I’ve been to N’Awlins several times in the last decade or so. It’s one of my favorite cities. Part of its charm, I think, is that you can feel the Mississippi River’s omnipotence no matter where you are. Even as you walk along the streets, with the water far from view, you know it’s there. I just read a fascinating – and scary – article in the NYTimes about the problems the city is having trying to prepare for a possible storm surge. Good reading if you’re interested.

Nothing’s Easy for New Orleans Flood Control
A flood wall built by the Army Corps of Engineers to hold back a cresting river – which on normal days moves more than 300,000 cubic feet of water a second past the city at an average depth of 90 feet – raised the levee to a uniform height of 25 feet above sea level, or 10 feet above the average annual high water surface level of the river, when water can rush by at the rate of one million cubic feet of water, or more, a second.

The city would be trapped inside the levees, steeped in a worsening “witches’ brew” of pollutants like sewage, landfill waste, chemicals and the bodies of drowned humans and animals.
Bourbon Street could remain under 10 feet of water, with water swirling above two-story houses in neighborhoods closer to the lake.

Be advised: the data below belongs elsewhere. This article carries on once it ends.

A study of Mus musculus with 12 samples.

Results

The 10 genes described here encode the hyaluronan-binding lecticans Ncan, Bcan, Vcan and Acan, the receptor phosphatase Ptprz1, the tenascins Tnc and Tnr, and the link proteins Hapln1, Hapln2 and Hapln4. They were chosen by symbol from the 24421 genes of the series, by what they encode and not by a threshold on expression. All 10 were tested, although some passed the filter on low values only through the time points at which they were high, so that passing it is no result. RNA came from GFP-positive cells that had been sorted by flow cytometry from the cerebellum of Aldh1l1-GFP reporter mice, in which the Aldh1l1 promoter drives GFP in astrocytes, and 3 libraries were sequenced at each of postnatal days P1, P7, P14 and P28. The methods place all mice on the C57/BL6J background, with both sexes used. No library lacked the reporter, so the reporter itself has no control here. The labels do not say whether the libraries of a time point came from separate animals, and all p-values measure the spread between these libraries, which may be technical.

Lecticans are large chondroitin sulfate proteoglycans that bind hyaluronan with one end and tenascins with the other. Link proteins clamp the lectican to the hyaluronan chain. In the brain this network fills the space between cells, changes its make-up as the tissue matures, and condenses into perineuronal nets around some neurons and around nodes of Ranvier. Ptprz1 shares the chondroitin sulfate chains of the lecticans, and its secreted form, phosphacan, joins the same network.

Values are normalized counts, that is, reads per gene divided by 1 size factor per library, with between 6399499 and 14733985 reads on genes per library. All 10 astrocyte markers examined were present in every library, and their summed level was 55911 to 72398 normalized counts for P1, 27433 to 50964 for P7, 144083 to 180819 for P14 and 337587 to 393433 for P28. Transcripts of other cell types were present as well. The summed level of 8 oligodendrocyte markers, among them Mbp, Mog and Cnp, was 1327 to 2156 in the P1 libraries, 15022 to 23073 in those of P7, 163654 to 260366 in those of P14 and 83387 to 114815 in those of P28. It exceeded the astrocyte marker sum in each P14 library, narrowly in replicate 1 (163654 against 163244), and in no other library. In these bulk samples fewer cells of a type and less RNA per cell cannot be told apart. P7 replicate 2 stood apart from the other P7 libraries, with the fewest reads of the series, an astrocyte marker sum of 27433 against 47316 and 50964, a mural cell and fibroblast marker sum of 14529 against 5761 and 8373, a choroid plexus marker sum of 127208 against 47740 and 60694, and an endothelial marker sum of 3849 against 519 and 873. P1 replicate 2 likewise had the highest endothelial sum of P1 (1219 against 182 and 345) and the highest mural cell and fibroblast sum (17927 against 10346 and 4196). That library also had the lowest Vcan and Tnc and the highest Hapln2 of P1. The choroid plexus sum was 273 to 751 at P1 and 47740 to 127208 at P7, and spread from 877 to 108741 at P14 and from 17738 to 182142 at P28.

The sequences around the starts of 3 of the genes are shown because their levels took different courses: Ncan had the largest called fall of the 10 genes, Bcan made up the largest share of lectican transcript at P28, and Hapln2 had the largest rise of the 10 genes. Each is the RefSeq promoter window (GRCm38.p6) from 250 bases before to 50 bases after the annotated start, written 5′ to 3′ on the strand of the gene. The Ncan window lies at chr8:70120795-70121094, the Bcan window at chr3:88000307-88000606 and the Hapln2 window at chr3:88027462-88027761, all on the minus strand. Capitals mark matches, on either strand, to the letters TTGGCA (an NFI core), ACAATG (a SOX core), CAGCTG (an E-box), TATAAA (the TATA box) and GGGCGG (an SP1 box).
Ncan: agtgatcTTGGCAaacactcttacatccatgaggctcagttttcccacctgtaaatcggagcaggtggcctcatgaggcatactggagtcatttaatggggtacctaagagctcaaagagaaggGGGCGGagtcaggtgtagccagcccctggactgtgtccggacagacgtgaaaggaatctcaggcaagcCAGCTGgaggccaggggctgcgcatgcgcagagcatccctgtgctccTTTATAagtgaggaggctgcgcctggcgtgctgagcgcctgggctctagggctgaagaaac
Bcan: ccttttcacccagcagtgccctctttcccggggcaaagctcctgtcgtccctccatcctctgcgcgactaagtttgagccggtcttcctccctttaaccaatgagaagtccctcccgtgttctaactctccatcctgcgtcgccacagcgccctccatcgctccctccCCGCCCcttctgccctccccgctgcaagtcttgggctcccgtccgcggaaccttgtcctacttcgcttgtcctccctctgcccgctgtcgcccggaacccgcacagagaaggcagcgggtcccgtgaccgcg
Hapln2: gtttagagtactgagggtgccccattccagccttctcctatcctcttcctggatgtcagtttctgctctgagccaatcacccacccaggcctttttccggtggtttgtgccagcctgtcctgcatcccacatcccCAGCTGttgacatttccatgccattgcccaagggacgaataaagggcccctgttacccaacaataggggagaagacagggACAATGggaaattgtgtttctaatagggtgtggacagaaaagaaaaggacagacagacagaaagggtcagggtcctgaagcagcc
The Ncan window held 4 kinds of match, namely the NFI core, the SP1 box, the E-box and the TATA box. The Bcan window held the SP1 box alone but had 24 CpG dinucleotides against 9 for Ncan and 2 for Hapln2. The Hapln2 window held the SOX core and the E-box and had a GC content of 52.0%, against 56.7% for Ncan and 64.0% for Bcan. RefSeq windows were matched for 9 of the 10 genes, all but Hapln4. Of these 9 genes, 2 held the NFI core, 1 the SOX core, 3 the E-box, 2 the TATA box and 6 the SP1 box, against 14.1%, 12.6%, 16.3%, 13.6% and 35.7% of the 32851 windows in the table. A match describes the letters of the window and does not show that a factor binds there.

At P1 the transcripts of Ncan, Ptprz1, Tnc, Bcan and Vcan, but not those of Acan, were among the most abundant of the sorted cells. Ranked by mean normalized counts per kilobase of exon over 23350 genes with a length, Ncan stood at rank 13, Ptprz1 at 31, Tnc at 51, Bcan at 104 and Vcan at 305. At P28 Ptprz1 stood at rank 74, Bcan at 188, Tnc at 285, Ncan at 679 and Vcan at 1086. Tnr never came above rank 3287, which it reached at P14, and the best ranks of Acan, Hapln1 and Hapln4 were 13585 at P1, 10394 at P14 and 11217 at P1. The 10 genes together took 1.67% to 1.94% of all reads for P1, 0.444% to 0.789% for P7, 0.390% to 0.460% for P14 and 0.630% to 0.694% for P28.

The American Red Cross … has declared it no longer will provide hurricane shelters … saying that placing staff there in a killer storm will represent too much risk for its employees …

There are 6 comments on this post

  1. As someone who has been to New Orleans and is going again this July, it IS scary to think that if one thing goes wrong the city will be drowned out so completely. I’ll definitely ask for the top floor of my hotel….

  2. I was there a few weeks ago, and always shuddered when driving past the “hurricane Evacuation Route” signs along some of the main roads. They certainly do not inspire confidence. Still, it’s a wonderful city, but just not when the water begins to rise.

  3. Come visit us now… bring your boat.

  4. Please take a close look at our product. RDFW can save lives and property. Because of the red tape in the untied states we have not been able to deploy our product. We would like to help the citizens of New Orleans. If you visit our web site you will se that RDFW has been teested by the corp and it is 100 times faster in deployment than sand bags. it is more effective, and re-usable in at least 6 flood events. This is a cost effective way to provide the people a better way of putting up flood protection without breaking there backs filling, daisy chaining and placing sand bags that ultimatly do not completly do the job.We are here to help, if called we will respond and bring our product to the flood fight.